19 March 2016

10:28 AM

19 March 2016

10:28 AM

Blue collars are all the rage in the Tory party these days, which makes Stephen Crabb a very fashionable cabinet minister. It’s no surprise that he has just been named the successor to Iain Duncan Smith: his backstory is perfect, and is driven by the same social justice agenda. He was brought up in a Welsh council house by his mother, a single parent. His political views were shaped by seeing the way in which Thatcher’s reforms transformed his neighbourhood. He still believes Conservative values give the best hope for working-class and Welsh voters. As the Tories led an ever-deeper raid on Labour territory, it was inevitable that we would see and hear a lot more from people like Stephen Crabb.

For the last two years this confident 43-year-old was Secretary of State for his native Wales, and his approach has been to champion full-blooded (rather than semi-apologetic) conservatism. When I interviewed him last year, he was already talking with passion and enthusiasm about Iain Duncan Smith’s welfare reforms. ‘One of the arguments I’ve been trying to make is that we can’t go soft on welfare reform in a place like Wales — it’s precisely the place that needs it.’ He led the Tory election campaign in Wales which saw the party win three more seats; it now has 11. ‘We’re not far from getting back to our historic high point under Margaret Thatcher in 1983 when we had 14 Welsh seats,’ he said with a grin.

Like David Davis, who was also brought up by a single mother on a council estate, Crabb thought his way into the Conservative party. His mum left his violent father when he was just eight years old, and had to start from scratch. ‘The most powerful thing to me, looking back, is the way that my mother went through a crisis in her life and became welfare dependent,’ he says. Her recovery was gradual. ‘She started working just a few hours each week, increasing her hours and then moving to a position where with extra training she was able to move into full-time work, become a car owner, and reach full economic independence.’ This is, he says, ‘absolutely the model of how the welfare system should work’.

But the ladder Crabb’s mother climbed up out of welfare dependency now has broken rungs, thanks to tax credits, which mean some people can lose 95p of welfare for every £1 they earn, destroying their ability to work their way out of poverty. For Crabb, repairing that ladder is at the heart of blue-collar conservatism.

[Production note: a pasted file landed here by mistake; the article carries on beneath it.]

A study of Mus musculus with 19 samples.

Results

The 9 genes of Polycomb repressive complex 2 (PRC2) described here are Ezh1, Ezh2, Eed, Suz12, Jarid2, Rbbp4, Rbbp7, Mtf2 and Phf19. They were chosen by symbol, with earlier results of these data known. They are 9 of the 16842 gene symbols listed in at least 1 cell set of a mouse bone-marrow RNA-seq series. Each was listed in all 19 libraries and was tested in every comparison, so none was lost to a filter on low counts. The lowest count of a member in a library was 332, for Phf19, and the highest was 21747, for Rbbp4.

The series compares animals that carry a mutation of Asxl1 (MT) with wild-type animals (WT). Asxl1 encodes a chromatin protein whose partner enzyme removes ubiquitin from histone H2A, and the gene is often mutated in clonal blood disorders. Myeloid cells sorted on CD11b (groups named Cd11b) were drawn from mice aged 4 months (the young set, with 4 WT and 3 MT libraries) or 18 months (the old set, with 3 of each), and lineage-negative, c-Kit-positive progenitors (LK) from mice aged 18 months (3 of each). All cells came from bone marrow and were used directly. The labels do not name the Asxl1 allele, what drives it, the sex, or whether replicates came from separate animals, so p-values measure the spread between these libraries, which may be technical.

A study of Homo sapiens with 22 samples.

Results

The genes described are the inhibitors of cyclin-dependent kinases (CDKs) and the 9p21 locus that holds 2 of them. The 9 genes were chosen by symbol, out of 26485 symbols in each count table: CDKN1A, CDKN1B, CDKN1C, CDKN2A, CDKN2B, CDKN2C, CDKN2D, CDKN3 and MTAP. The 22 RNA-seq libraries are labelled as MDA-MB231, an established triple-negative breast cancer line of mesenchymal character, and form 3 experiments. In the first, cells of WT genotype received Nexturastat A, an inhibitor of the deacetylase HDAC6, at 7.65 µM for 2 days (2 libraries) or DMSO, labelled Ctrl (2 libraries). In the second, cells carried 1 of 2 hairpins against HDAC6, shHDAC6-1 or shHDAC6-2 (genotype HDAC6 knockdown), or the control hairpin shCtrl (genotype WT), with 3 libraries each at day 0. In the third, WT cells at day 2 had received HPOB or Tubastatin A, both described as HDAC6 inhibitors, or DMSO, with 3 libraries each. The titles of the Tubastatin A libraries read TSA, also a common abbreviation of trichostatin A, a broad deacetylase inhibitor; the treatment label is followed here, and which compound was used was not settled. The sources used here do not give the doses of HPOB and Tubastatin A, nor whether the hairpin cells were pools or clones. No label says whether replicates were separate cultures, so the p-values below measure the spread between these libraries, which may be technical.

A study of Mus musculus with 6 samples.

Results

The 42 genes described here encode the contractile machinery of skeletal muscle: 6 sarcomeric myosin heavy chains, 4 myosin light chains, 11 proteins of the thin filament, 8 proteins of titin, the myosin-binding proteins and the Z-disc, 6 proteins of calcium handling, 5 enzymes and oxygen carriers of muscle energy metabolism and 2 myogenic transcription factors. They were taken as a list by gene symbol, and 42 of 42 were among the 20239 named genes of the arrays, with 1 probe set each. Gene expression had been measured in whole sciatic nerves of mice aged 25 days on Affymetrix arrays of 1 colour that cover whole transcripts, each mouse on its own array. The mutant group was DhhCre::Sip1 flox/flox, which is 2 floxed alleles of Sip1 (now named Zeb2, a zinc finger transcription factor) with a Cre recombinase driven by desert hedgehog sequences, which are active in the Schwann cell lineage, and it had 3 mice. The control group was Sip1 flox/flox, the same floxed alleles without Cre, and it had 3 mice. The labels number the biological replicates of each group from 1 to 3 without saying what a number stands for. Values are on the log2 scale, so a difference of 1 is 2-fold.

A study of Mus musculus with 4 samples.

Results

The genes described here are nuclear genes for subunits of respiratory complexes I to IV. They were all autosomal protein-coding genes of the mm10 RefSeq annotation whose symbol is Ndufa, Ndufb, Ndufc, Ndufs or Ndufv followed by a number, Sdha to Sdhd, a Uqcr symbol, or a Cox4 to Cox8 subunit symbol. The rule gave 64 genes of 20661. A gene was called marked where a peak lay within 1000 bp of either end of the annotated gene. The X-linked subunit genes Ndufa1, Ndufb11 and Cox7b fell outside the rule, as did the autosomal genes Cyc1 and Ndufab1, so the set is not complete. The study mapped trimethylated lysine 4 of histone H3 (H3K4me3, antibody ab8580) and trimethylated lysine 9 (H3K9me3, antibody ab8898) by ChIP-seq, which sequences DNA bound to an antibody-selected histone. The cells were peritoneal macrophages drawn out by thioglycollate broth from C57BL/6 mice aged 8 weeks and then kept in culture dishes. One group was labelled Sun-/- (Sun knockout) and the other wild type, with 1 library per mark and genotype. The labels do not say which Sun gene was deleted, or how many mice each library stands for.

He clearly worries about how the Tories communicate these reforms (I suspect he’ll be even more worried after the last Budget). He talks as if the party’s reputation still hangs in the balance. ‘The moment welfare change smacks of any kind of politics, of singling out poor people, there is the risk of not carrying them with us.’


It wasn’t just his mother’s tenacity that helped form his politics. He has vivid memories of the impact the right-to-buy had on his own street as council tenants bought their own homes. ‘We saw those streets change, in front of our eyes. Uniform terraced houses with porches and extensions at the back, a patio, a little conservatory. What that said to me is: here’s somebody who has made this happen.’ That somebody was Margaret Thatcher, who was leading a ‘party that was looking to smash down class barriers and be a force for social mobility’.

As for Labour: ‘The miners’ strike, that long year dominated the news in Wales. It was one of the formative things for a youngster growing up… for me, the impression that the Labour party created was one of class entrenchment and division.’ So his conservatism sees Labour as the party of division and the Tories as the party for national unity. He is so matter-of-fact it’s clear he believes he reached the obvious conclusion.

He also falls into another minority: being Christian, and willing to talk about it. ‘Beliefs are shaped by all kinds of life experiences,’ he says. ‘I’d say mine have been shaped as much by my experience of growing up in a council house as by my Christian faith.’ But being a Christian, he says, ‘gives you a sense of duty to those who are most vulnerable in society; that’s a core theme of the Bible’.

He deplores those who try to enlist God for their own political cause; he doesn’t think God is a Tory. Nor does he think politicians are helped by ‘doing God’. ‘Without question, there has been a secularisation of society in Britain which has had a chilling effect on Christians. And Muslims as well — expressing their faith in a comfortable way free of derision, ridicule.’ He wants people to be able to ‘express their beliefs without fear of being ridiculed or labelled as extremist, as homophobes, as dangerous, bad people’. He was accused of some of these things himself after voting against same-sex marriage.

He pauses uncomfortably when asked if he wishes he’d voted in favour. ‘It was the most difficult vote I’d ever taken. It wasn’t a clear-cut vote for me — but I don’t regret any vote I’ve taken.’ He takes an Edith Piaf approach to such things. ‘You vote on the terms of your best judgment at the time.’ And sections of the church, he says, got gay marriage wrong, with a ‘shrill, shrieking angry tone’.

He says, rather hopefully, that the vote ‘shouldn’t’ affect his career in the future. ‘No single vote should be the thing that defines whether you are competent or have the right values to do a senior cabinet job; I don’t worry about that.’

He was, it seems, quite right not to worry.